Cloud was the blockchain of the early 2010s. If you wanted something to sound cutting edge, you would label it as "The Cloud". Now, the cloud is mature, and if you want it to sound cutting-edge you say it involves AI, VR, voice control, or of course, blockchain (we'll cover those in other posts).
The cloud made many promises including cost-effectiveness, scalability, agility, durability and programmatic control. Those promises were difficult and expensive to realize at the beginning of the decade, but they have become more achievable over time as the ecosystem of technologies associated with the cloud have matured and become less costly, therefore accessible to more of our customers.
...we weren't achieving the self-healing infrastructure promised by the cloud.
Although Earthling had been following the emergence of the cloud prior to 2010, we transitioned our hosting from local co-location to Rackspace in 2011. Rackspace provided an easy to use, self-service web console for spinning up cloud servers on demand, and excellent support by chat, ticket, and phone. The main advantage was that the cost of time to set up servers for our web application clients went from days with the co-location partners to minutes with Rackspace. However, we were still setting up single servers per application and the pricing was marginally less than a VMware VPS at the local co-location provider.
For the most part, we would scale servers vertically to meet capacity, and occasionally create separate servers for the database and web server. Generally speaking, customers running on these servers did not have the traffic to warrant load balanced web servers; and yet, while reliability was pretty good, and backups mechanisms were automated—most of the maintenance, disaster recovery, and scaling was still manual. The cost of additional servers, automation tooling, and programming was still more than the cost of manual setup and maintenance.
This meant that server downtime was dealt with manually. Since the reason that a site is down could extend from multiple layers: internet connectivity of client to host, DNS, problems with the underlying host; OS; web server process; database; disk space; memory; CPU, etc., the problem might have to be run past several people before the appropriate actions were taken. Usually, the solution was a restart of the offending service, which might only take a few seconds. Rarely, there was a problem with the underlying infrastructure and a cloud service would have to be migrated, which could take significantly longer for larger applications. In either case, we weren't achieving the self-healing infrastructure promised by the cloud.
In 2014 and 2015, we implemented load-balanced solutions for customers who required high availability and even worked on some more advanced cloud-based data processing workflows that followed a queue-based worker model. Those load-balanced solutions were still constructed somewhat manually, often required non-trivial work to handle replication, and database fail-over was manual. Still, these solutions were becoming more affordable.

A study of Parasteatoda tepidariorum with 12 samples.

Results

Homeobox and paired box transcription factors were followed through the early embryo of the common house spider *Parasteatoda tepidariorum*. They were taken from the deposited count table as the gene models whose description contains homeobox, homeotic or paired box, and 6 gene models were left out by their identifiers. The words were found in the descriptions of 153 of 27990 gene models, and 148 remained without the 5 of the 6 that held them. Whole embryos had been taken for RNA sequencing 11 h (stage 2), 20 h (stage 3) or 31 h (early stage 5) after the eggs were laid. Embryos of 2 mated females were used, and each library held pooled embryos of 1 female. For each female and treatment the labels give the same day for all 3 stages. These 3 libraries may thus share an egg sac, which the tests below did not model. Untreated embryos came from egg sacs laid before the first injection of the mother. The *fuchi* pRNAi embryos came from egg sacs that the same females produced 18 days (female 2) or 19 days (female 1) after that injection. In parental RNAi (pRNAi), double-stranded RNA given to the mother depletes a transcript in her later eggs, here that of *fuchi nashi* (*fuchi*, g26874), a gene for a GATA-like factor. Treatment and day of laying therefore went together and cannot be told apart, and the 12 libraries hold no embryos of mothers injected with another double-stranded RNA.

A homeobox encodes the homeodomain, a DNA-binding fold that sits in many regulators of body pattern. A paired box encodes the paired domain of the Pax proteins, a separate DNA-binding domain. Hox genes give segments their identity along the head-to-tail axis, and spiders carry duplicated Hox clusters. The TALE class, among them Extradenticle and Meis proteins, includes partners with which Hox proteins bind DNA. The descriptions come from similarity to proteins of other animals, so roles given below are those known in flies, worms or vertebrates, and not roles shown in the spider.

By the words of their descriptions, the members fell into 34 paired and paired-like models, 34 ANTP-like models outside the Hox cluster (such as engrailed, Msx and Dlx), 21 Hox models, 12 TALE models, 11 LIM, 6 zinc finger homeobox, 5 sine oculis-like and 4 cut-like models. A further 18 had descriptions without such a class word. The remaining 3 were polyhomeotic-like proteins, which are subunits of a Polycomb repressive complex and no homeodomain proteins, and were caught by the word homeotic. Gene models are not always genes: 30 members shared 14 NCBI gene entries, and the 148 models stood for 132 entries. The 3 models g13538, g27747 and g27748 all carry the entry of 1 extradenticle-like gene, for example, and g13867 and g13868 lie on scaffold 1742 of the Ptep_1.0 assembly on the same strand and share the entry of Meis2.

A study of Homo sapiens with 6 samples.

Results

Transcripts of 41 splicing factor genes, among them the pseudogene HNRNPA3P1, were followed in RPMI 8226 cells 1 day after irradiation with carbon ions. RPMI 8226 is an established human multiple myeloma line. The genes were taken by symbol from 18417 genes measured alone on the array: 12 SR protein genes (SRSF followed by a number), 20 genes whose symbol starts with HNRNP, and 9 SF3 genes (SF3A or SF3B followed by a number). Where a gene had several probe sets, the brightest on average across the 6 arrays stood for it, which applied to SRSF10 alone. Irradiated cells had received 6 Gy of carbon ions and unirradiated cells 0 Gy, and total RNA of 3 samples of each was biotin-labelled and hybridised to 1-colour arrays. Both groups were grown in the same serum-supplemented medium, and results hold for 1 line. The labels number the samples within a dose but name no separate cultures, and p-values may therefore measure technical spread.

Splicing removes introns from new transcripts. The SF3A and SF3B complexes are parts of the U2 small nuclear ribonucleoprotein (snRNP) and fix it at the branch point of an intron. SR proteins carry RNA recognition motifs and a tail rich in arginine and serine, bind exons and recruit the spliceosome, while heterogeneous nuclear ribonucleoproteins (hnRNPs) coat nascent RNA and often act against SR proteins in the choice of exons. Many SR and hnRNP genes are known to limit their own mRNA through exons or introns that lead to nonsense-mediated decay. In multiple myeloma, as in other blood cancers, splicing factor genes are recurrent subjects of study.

In 2016 however, we started to see the technology and economics shift to the point where we reconsidered the notion that small sites were fine on single servers because they don't need load balancing for performance, and high availability is too costly. We found ourselves managing a menagerie of cloud servers of different vintages across both Rackspace and Amazon for multiple clients with varying degrees of uptime and performance requirements and we started to account for the time spent dealing with hosting support requests. Downtime, though usually small, was killing our development teams.
Comparatively, cloud infrastructure is cheap and getting cheaper. On the technology side, key components for containerizing applications, and orchestrating those containers across multiple hosts were becoming widely available as part of open source offerings, thereby reducing the cost of automation. Cloud-database-as-a-service offerings were also maturing. Amazon's RDS and then Aurora offerings decreased the setup and maintenance cost associated with running single and multi-node database clusters to near zero. We also hired our first specialized DevOps Architect, so that we could utilize these technologies for more of our clients.
Our current operating paradigm provides that all clients deserve high availability because downtime costs everyone money, and the cost to achieve a target level of availability (99.9% in this case) was now economically feasible even for relatively small sites.
We spent the fall of 2016 architecting a new multi-tenant containerized hosting platform and released it in the spring of 2017. We have continued to migrate our clients from our legacy cloud hosting solutions to the new platform throughout the year and will likely continue to do so through 2018.
On the new platform, sites are containerized using Docker. An orchestrator, based on the open source orchestration system, Rancher, ensures that containers are running on at least two hosts. Hosts in autoscaling groups are configured programmatically using AWS CloudFormation and Salt. A load balancer directs traffic between the two containers and the containers talk to a database with a read replica that supports automatic failovers. There are several other components that make the system work, including Redis for session caches and network volume mounts for shared file storage. We also have a caching and security layer in front of the load balancer, and a deployment pipeline that builds the apps/sites from source control.
All of this was designed to reduce downtime to a minimum and make recovery as automatable as possible in the event part of the system goes down. Now that we have automation, scalability, agility durability, and cost-effectiveness, we are finally achieving the promises of the cloud.